DC’s CureFest advocates for cancer’s youngest warriors

Folks from across the nation are banding together for CureFest, an annual, weekend-long event in D.C., to raise awareness about pediatric cancer. (WTOP/Liz Anderson)
During CureFest, representatives from pediatric cancer awareness foundations traveled to Capitol Hill to speak to lawmakers in hopes of getting increased research funding to find better treatments and, ultimately, cures for the various forms of childhood cancer. (WTOP/Liz Anderson)
Meet Asher, who is holding a sign with a photo of his older brother, Eli. A family friend told WTOP that Eli died from side effects of his neuroblasroma treatment February 11, 2018 at age 4. (WTOP/Liz Anderson)
Meet Asher, who is holding a sign with a photo of his older brother, Eli. A family friend told WTOP that Eli died from side effects of his neuroblastoma treatment February 11, 2018 at age 4. (WTOP/Liz Anderson) (WTOP/Liz Anderson)
Participants include “people who have children in treatment for cancer, people who have lost children to cancer, and there are a lot of people who are here who are just advocates, who don’t actually have a child that has been impacted by cancer,” said “Tattoo Tom” Mitchell, who was a single dad when his daughter Shayla was diagnosed with cancer at age 16. (WTOP/Liz Anderson)
Participants include “people who have children in treatment for cancer, people who have lost children to cancer, and there are a lot of people who are here who are just advocates, who don’t actually have a child that has been impacted by cancer,” said “Tattoo Tom” Mitchell, who was a single dad when his daughter Shayla was diagnosed with cancer at age 16. (WTOP/Liz Anderson) (WTOP/Liz Anderson)
For Shayla, they unfortunately ran out of treatment options. Tom said they had candid conversations about what his life might look like after she died. (WTOP/Liz Anderson)
For Shayla, they unfortunately ran out of treatment options. Tom said they had candid conversations about what his life might look like after she died. (WTOP/Liz Anderson) (WTOP/Liz Anderson)
“One of the things that she made me promise is that I would do everything in my power to help other families and other children that were in similar situations,” he said. (WTOP/Liz Anderson)
Cosplayers came out to CureFest to bring smiles to the faces of participants. (WTOP/Liz Anderson)
Cosplayers came out to CureFest to bring smiles to the faces of participants. (WTOP/Liz Anderson) (WTOP/Liz Anderson)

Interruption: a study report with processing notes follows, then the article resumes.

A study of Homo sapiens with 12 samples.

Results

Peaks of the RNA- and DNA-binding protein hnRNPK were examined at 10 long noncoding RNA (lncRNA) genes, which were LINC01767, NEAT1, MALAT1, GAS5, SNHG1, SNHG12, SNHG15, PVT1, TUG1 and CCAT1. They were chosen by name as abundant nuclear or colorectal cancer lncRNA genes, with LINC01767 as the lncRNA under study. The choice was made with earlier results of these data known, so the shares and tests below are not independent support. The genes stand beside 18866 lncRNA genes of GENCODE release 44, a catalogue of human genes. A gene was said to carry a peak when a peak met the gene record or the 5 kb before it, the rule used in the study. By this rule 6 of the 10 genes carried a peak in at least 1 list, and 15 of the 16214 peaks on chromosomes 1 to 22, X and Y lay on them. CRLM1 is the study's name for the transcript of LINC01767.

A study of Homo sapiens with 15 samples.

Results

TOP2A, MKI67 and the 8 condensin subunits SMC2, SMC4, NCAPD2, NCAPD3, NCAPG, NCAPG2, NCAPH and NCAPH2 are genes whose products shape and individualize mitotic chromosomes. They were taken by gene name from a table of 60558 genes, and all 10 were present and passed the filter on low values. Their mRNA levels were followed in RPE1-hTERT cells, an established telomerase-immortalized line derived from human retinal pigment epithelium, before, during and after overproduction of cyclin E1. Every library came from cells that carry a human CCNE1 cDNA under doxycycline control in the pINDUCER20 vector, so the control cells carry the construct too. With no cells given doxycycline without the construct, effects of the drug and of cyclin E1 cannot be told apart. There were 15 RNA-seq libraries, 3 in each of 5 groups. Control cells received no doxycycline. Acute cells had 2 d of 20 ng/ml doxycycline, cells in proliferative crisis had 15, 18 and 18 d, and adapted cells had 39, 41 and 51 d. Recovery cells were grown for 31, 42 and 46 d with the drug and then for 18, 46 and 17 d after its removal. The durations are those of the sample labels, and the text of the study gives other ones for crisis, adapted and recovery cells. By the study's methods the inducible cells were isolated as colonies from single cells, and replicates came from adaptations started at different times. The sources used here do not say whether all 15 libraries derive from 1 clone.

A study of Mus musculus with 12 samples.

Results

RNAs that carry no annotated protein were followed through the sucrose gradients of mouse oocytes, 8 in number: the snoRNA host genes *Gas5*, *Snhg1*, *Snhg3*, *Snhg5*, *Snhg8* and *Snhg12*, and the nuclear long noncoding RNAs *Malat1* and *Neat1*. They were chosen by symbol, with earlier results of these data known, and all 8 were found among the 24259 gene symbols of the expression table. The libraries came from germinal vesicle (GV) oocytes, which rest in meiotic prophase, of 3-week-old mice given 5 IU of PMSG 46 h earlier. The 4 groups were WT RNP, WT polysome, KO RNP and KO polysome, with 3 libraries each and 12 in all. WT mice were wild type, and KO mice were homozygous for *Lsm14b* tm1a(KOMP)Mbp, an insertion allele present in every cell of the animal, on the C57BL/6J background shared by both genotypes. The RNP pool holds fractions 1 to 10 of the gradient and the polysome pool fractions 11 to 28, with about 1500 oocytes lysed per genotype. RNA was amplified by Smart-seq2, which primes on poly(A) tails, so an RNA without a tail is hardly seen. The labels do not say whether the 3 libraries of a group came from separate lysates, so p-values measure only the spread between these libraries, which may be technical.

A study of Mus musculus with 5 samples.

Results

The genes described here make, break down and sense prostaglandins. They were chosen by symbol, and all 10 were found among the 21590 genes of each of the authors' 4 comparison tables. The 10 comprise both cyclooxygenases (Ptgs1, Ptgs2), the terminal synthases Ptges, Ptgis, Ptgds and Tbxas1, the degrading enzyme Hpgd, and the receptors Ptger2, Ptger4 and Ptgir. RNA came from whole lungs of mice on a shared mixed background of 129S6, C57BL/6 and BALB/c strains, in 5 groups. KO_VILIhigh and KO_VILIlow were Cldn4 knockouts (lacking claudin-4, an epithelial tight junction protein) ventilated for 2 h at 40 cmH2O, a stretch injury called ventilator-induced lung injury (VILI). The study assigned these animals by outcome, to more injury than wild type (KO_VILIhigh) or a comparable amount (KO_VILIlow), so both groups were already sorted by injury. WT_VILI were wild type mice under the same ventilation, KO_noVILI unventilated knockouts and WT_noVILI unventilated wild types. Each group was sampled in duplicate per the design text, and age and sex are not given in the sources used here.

Participants include “people who have children in treatment for cancer, people who have lost children to cancer, and there are a lot of people who are here who are just advocates, who don’t actually have a child that has been impacted by cancer,” said “Tattoo Tom” Mitchell, who was a single dad when his daughter Shayla was diagnosed with cancer at age 16. (WTOP/Liz Anderson)
For Shayla, they unfortunately ran out of treatment options. Tom said they had candid conversations about what his life might look like after she died. (WTOP/Liz Anderson)
Cosplayers came out to CureFest to bring smiles to the faces of participants. (WTOP/Liz Anderson)

WASHINGTON — Folks from across the nation are banding together for CureFest, an annual, weekend-long event in D.C., to raise awareness about pediatric cancer.

During CureFest, representatives from pediatric cancer awareness foundations traveled to Capitol Hill to speak to lawmakers in hopes of getting increased research funding to find better treatments and, ultimately, cures for the various forms of childhood cancer.

Participants include “people who have children in treatment for cancer, people who have lost children to cancer, and there are a lot of people who are here who are just advocates, who don’t actually have a child that has been impacted by cancer,” said “Tattoo Tom” Mitchell, who was a single dad when his daughter Shayla was diagnosed with cancer at age 16.

For Shayla, they unfortunately ran out of treatment options. Tom said they had candid conversations about what his life might look like after she died.

“One of the things that she made me promise is that I would do everything in my power to help other families and other children that were in similar situations,” he said.

Still Brave, the Fairfax County-based organization Tom founded in Shayla’s memory, is one of many organizations represented at CureFest.